What a fun and quirky film this is. Those words have become pretty synonymous with the films of Indie auteur Wes Anderson, thanks his plethora of bizarre idiosyncrasies. With this project his style seems to have really found its place. Everything, from the production design to the acting, has gelled so well, and you get the sense that this is a proper realisation of his vision. Although I have generally found his work enjoyable, in the past it has often felt just that little bit too removed – with the exception of his brilliant 2009 stop-motion Fantastic Mr Fox. This time around, the nail has been hit on the head, and his version of reality is beautifully constructed and thoroughly inhabitable for characters and audience alike. Ralph Fiennes carries the bulk of the movie alongside young Tony Revolori, with a script full of gems. There are also the obligatory, but delightful, Bill Murray and Owen Wilson appearances.
The Grand Budapest Hotel was truly the place to be, in its 1930s heyday at least, nestled on a snowy slope in the fictional republic of Zubrowka, named after a Polish vodka. The patrons are rich and glamorous but the staff are the real attraction, namely Feinnes’ well groomed Monsieur Gustave who offers special attention to the elderly, single, female guests. He is generally shadowed by his apprentice, Revolori’s lobby boy in training, Zero, as they go about various important business. When Gustave is framed for the murder of one particular guest by her very sinister family, headed by Adrien Brody, the story switches to an outrageous caper narrative as the pair decide to make off with a priceless painting in defiance. Chaos ensues and Zero’s girlfriend Agatha, growing talent Saoirse Ronan, is dragged in along with Bill Murray’s M. Ivan and his secret hotelier’s society. Meanwhile the executor of the dead lady’s will, Jeff Goldblum’s Deputy Kovacs, tries to bring order despite the efforts of the wacky but dangerous Jopling, Willem Dafoe as a sort of Schutzstaffel type to Brody’s Dmitri. This hijinks is presided over by Zero’s older self, Scarface actor F Murray Abraham, narrating in conversation with Jude Law’s travelling author.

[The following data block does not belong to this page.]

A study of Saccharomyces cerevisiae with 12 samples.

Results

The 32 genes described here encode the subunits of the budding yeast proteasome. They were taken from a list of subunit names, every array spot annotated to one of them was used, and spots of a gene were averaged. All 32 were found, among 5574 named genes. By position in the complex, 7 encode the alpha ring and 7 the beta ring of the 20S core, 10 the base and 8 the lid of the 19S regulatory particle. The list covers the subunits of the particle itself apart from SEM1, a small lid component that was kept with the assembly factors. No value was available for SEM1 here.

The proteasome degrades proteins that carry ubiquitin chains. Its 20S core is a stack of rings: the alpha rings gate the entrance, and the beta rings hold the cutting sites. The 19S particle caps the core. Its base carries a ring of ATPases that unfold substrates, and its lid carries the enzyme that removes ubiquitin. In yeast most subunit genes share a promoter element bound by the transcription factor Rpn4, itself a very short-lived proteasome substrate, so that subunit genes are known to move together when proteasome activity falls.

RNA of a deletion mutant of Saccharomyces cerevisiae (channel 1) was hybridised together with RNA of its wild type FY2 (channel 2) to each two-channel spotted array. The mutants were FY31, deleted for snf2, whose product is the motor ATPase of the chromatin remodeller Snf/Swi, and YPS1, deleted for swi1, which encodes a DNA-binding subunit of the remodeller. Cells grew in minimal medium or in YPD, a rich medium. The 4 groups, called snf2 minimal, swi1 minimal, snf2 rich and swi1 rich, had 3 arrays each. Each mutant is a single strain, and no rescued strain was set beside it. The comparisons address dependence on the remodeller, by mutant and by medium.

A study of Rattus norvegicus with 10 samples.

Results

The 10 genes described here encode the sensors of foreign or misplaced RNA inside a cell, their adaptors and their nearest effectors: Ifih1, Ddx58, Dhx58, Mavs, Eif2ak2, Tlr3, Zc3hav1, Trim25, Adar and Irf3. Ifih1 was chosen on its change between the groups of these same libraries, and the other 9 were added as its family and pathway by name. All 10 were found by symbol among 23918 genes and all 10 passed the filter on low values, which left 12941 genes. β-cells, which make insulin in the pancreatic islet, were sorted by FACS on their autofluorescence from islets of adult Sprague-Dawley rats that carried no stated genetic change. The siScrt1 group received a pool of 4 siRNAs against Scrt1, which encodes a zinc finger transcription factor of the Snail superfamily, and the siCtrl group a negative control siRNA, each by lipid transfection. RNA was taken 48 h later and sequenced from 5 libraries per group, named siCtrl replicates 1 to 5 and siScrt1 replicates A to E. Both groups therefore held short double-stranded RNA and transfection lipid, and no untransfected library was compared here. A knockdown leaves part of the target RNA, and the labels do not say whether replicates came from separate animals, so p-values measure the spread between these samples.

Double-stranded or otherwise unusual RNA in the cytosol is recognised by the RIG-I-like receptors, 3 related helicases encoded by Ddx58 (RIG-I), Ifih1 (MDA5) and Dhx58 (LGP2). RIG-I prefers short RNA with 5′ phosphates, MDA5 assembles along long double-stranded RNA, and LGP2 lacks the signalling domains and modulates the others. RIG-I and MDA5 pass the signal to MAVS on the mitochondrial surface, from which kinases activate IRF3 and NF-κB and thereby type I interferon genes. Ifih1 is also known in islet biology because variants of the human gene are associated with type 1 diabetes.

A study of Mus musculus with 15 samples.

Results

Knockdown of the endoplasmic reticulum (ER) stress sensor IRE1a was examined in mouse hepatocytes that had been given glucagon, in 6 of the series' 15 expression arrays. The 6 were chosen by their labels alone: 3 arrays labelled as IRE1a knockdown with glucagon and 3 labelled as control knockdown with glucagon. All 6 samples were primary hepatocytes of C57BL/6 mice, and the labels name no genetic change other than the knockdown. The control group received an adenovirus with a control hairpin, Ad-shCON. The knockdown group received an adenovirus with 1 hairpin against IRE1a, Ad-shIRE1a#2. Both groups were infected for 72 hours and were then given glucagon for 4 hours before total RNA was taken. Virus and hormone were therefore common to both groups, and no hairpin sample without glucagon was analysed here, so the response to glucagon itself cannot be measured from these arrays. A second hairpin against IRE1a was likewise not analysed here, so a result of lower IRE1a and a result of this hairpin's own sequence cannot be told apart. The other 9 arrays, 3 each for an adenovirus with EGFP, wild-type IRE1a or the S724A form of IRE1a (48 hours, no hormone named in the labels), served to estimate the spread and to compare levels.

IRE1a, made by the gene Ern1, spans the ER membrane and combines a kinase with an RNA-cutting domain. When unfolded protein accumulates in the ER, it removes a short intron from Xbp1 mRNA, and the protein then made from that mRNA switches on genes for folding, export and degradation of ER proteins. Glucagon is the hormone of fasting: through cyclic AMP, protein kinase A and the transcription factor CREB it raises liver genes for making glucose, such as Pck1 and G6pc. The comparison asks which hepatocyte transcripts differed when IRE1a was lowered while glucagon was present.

Ralph Fiennes seems to perfectly suit Gustave, presenting him at once as a sad and vain but totally endearing character. His adherence to old world values, however self-serving they may be, adds to the film’s charm and pseudo-historical setting. He has some tremendously funny and clever lines too, which makes for an enjoyable time following the rollercoaster tale of the ‘liberally perfumed’ man and his sidekick. The cast as a whole is wonderfully brilliant, ranging from straight to screwy – including smaller, but equally delightful parts by French actor Mathieu Amalric, as bizarre butler Serge, and Harvey Keitel as jailbird Ludwig. The story, inspired by the work of Austrian writer Stefan Zweig, is very easy to follow but still surprises at the right moments, with good amounts of humour and quirk thrown in.
The style of the film is very much in keeping with Anderson’s directorial sensibilities, featuring everything from insert shots, to title cards, beside double takes and strange looks from the characters. There is liberal use of wide-angle lens too, with many scenes set out in straight-on shot compositions and including seemingly boundless camera movement, always featuring colourful palettes. Regular cinematographer Robert Yeoman has these techniques down pat by now, and the unconventional framings blend with the story world much more seamlessly here. In fact, the only real change for the project is that regular music collaborator Mark Mothersbaugh, of Devo, wasn’t involved, although considering the setting this makes sense. Instead there is a simple but magical score by the rather busy Alexandre Desplat, composer on Imitation Game and Unbroken.
The Grand Budapest Hotel marks Anderson’s maturing as a filmmaker. That may sound cheesy or just plain silly, but that’s the way the production feels. His style has evolved subtly just enough to suit the kind of movie he is making here. It has something to do with the material he’s writing, as the more romantically fictionalised worlds seem to fit better with his approach. There’s also the fact that he has put together a truly impressive cast, who all seem to get what he’s doing. In general, everything about his style works on this film, and for the picture as a whole, to endearing effect.